Inside This Issue - News
HHS to give states flexibility on health benefits
January 16th, 2012
WASHINGTON – The Department of Health and Human Services (HHS) said last month it would not define a single uniform set of “essential health benefits” that must be provided by health insurers for tens of millions of Americans.
Instead, the agency will allow each state to specify the benefits within broad categories.
The move, which many who have been closely following the health care debate say came as a surprise, would allow significant variations in benefits from state to state, similar to the current differences in state Medicaid programs and the Children’s Health Insurance Program.
By giving states discretion to specify essential benefits, HHS is seeking to deflect critics of the plan’s contention that President Obama’s health care reform law imposes a rigid, bureaucrat-controlled health system on Americans and threatening the quality of care.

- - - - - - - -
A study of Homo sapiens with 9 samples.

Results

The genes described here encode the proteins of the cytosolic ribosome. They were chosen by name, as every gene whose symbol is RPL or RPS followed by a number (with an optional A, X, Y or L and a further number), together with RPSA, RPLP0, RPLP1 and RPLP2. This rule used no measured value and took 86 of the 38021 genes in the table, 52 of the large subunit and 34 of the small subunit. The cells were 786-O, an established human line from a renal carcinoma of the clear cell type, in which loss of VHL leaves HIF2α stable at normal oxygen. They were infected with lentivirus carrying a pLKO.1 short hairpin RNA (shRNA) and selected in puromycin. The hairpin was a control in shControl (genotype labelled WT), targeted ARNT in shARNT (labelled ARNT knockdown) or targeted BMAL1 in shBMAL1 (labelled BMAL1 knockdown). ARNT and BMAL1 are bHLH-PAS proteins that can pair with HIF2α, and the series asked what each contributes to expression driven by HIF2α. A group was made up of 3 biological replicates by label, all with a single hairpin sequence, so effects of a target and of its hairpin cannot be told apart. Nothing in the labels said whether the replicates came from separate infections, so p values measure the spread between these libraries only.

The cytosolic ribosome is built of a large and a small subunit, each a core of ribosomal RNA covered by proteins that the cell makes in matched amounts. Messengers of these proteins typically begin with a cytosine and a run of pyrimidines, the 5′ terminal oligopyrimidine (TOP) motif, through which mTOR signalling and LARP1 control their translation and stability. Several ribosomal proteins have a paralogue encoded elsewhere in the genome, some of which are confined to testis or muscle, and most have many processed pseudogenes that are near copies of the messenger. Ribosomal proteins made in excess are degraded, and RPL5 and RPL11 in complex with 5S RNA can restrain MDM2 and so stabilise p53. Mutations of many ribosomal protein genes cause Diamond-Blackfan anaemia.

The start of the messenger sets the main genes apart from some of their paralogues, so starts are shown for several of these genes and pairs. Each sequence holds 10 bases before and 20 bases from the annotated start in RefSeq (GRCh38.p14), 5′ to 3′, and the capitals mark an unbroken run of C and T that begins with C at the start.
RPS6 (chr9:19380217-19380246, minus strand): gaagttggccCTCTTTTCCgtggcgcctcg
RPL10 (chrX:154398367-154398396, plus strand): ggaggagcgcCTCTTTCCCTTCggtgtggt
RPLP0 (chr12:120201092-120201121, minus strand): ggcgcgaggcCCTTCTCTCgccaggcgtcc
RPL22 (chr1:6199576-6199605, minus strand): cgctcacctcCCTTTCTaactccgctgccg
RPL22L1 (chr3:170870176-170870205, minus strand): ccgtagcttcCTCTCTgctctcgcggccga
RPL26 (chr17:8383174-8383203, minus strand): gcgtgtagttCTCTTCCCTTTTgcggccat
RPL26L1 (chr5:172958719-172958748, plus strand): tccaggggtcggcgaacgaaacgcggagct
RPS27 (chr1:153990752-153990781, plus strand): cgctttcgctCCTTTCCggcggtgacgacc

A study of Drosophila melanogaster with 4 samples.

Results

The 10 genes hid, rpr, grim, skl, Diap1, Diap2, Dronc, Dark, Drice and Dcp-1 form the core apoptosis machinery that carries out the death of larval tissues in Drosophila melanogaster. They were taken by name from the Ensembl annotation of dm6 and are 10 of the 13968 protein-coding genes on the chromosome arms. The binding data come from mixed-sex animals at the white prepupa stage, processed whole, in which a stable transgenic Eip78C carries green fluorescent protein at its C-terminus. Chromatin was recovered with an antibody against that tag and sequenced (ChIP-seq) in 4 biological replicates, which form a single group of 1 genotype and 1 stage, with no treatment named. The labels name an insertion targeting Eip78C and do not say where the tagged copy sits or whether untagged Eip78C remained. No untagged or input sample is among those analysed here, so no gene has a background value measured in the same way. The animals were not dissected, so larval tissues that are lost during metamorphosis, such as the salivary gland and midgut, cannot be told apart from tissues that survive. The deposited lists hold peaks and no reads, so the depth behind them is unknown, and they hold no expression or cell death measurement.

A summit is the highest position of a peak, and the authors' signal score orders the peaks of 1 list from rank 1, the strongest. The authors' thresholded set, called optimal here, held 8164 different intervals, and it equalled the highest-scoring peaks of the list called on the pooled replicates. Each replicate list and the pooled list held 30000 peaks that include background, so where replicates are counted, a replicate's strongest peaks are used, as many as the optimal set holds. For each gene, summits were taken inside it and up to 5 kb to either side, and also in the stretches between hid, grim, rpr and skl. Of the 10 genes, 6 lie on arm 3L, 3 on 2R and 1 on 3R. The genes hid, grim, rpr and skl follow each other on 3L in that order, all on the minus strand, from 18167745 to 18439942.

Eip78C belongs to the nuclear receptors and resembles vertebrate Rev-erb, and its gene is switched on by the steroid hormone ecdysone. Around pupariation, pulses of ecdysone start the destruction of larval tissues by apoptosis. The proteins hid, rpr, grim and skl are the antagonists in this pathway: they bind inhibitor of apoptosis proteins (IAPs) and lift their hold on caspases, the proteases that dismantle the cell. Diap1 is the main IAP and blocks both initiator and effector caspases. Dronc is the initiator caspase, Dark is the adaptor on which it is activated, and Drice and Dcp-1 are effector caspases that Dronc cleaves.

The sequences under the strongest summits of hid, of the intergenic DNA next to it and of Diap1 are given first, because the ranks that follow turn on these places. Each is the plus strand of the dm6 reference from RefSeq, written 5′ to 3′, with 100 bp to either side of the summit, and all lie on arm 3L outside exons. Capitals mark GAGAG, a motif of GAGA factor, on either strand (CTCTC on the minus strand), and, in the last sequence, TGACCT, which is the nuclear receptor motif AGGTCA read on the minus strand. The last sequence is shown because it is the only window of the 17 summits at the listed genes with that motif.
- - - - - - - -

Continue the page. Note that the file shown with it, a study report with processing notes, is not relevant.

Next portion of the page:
“Under the Affordable Care Act consumers and small businesses can be confident that the insurance plans they choose and purchase will cover a comprehensive and affordable set of health services,” HHS Secretary Kathleen Sebelius says. “Our approach will protect consumers and give states the flexibility to design coverage options that meet their unique needs.”
Under the department’s plan, states could select an existing health plan to set the benchmark for the items and services included in the essential health benefits package.
Sebelius laid out several options that states could use as a benchmark: one of the three largest small group plans in their state; one of the three largest state employee health plans; one of the three largest federal employee health plan options; or the largest HMO plan offered in the state’s commercial market.
Health care reform advocates say they hope that HHS’ flexibility will blunt opponents’ criticism that the federal government is forcing a one-size-fits-all standard for health insurance and usurping state authority to regulate the industry.